I believe it was first called "Personal Home Page" (hence PHP) but later it was renamed to "Hypertext Preprocessor"
Then wouldn't it technically stand for ((Personal home page) Hypertext Preprocessor) or PersonalhomepageHypertextPreprocessor?
It seems strange for the first P in PHP to stand for PHP.
It's a recursive acronym. Like GNU (GNU's not Unix)
It was originally called Personal Home Page, but as it grew larger they decided to change it to Php Hypertext Preprocessor.
Thanks for this collection. It would have been great to learn a bit about the circumstances under which those languages were created and what they were intended for initially.
Though, it was a good read.
A great summary - thanks for the collection. Glad to see C is still making the list!
A small tip for anyone looking to learn: Educative has free courses on a lot of the languages you mentioned, if anyone is looking to start from scratch. You can out the "From Scratch" courses here
Is Pascal still around? I know there's Delphi, based on Object Pascal (since core Pascal and the Turbo compiler/IDE were purely imperative) which I used on and off through university ages ago.
Pascal, as Delphi which costs $$, and as free pascal still has a strong community. Tiobe ranks it about level with Ruby and Swift. There are good Delphi & fpc groups on fb.
As FLOSS Pascal exists in Free Pascal which supports "plain" Pascal and Object Pascal (including Delphi extensions). As for a Delphi like IDE, there is Lazarus.
Yes, It's still around, just like Mainframes but only on legacy applications.
but popular though? Over c# and other languages like go, etc...? There's no way.
Probably not now, though yeah, claims like 'most popular' sound like cheap clickbait when lacking some metric to measure the claim.
Maybe these languages were most popular, historically, a couple of decades ago.
But it is difficult to quantify. Today I would disqualify Perl, C, Lisp and Pascal based on stsckoverflow questions.
Also, today we have more people in programming that at any other point in history, learning any number of modern languages.
I know I'm biased here but would an honorary mention of BASIC have killed ya? 😂😂😂
Great article, many points of agreement there. So refreshing to see Perl on the list. Much derided, falling off the bottom of the graph (where Python was, back in the day), but there it is, on the list where it belongs. \o/
When your name match your language in hardness (Bjarne Stroustrup)
BTW, lisp is not a functional language, people seem to get that idea because of scheme and modern lisps like clojure. Lisp did implement some of the concepts of lambda calculus but it also was imperative and you could make a case that it's much less functional then many other modern languages. The creator of smalltalk took a ton of inspiration from lisp and scheme was a subset of lisp that focused on lambda calculus. BTW, there are a ton of books and courses to learn common lisp, clojure, scheme, racket or insert lisp name here. It is one of the oldest languages after all.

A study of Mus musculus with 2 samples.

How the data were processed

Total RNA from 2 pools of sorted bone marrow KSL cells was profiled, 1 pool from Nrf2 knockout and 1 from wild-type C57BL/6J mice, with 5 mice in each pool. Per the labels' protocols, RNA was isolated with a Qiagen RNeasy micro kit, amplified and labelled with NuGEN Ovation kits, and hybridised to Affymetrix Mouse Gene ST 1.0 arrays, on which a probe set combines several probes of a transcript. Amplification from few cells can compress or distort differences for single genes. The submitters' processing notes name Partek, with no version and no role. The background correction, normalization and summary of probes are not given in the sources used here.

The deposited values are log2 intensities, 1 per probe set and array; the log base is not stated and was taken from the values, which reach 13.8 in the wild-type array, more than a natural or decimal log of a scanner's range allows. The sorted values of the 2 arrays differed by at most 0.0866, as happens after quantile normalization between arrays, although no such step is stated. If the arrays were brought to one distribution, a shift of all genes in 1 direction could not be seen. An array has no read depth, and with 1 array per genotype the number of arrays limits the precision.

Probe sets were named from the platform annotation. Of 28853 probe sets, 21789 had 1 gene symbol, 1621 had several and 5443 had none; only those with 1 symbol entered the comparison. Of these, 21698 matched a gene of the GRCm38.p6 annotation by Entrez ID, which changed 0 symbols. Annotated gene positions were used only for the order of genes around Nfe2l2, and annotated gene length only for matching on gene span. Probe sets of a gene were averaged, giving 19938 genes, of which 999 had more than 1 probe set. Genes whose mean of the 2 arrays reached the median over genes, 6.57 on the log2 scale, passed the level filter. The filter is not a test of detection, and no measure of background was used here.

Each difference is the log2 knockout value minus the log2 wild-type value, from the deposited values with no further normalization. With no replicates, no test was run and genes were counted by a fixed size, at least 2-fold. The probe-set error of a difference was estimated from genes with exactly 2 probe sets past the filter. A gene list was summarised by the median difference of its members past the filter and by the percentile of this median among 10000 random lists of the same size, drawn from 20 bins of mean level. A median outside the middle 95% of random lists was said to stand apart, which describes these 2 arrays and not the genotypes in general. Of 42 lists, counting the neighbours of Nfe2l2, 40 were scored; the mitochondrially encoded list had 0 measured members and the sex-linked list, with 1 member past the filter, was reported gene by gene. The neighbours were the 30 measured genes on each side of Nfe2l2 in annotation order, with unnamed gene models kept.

Please provide evidence to support your claim. Perl and Pascal/Delphi are used extensively in industry as well as in the Governmental arena.
I thought Twitter had moved away from Ruby and is mostly on Scala at this point.
What the heck?! c# is in the thumbnail but is not included in the list? I thought c# ranked higher than c and c++?! ok then.
You mean “Clojure” I think.
It has been more widely used than Pascal.
No GoLang there...?
I must add that one of the most praised computer science books, Structure and Interpretation of computer programs uses Lisp. To me, it is one big tutorial to learn lisp as well as a lot of concepts.
Personal Home Page, didn't know that, lol
The mainframe world wouldn’t have been ruling the world without it. Certainly more used than LISP.
"No matter how much you hate PHP"
I think you meant for that phrasing to be at the beginning of the Java section. PHP is wonderful.
I want to learn dart language. Can you please tell me source form where i will learn?
How does Scheme differ from Lisp?
Scheme is a subset of lisp that focuses on functional programming. Original lisp one and common lisp were a bit more imperative then modern lisps like clojure and racket which focus on declarative and functional design.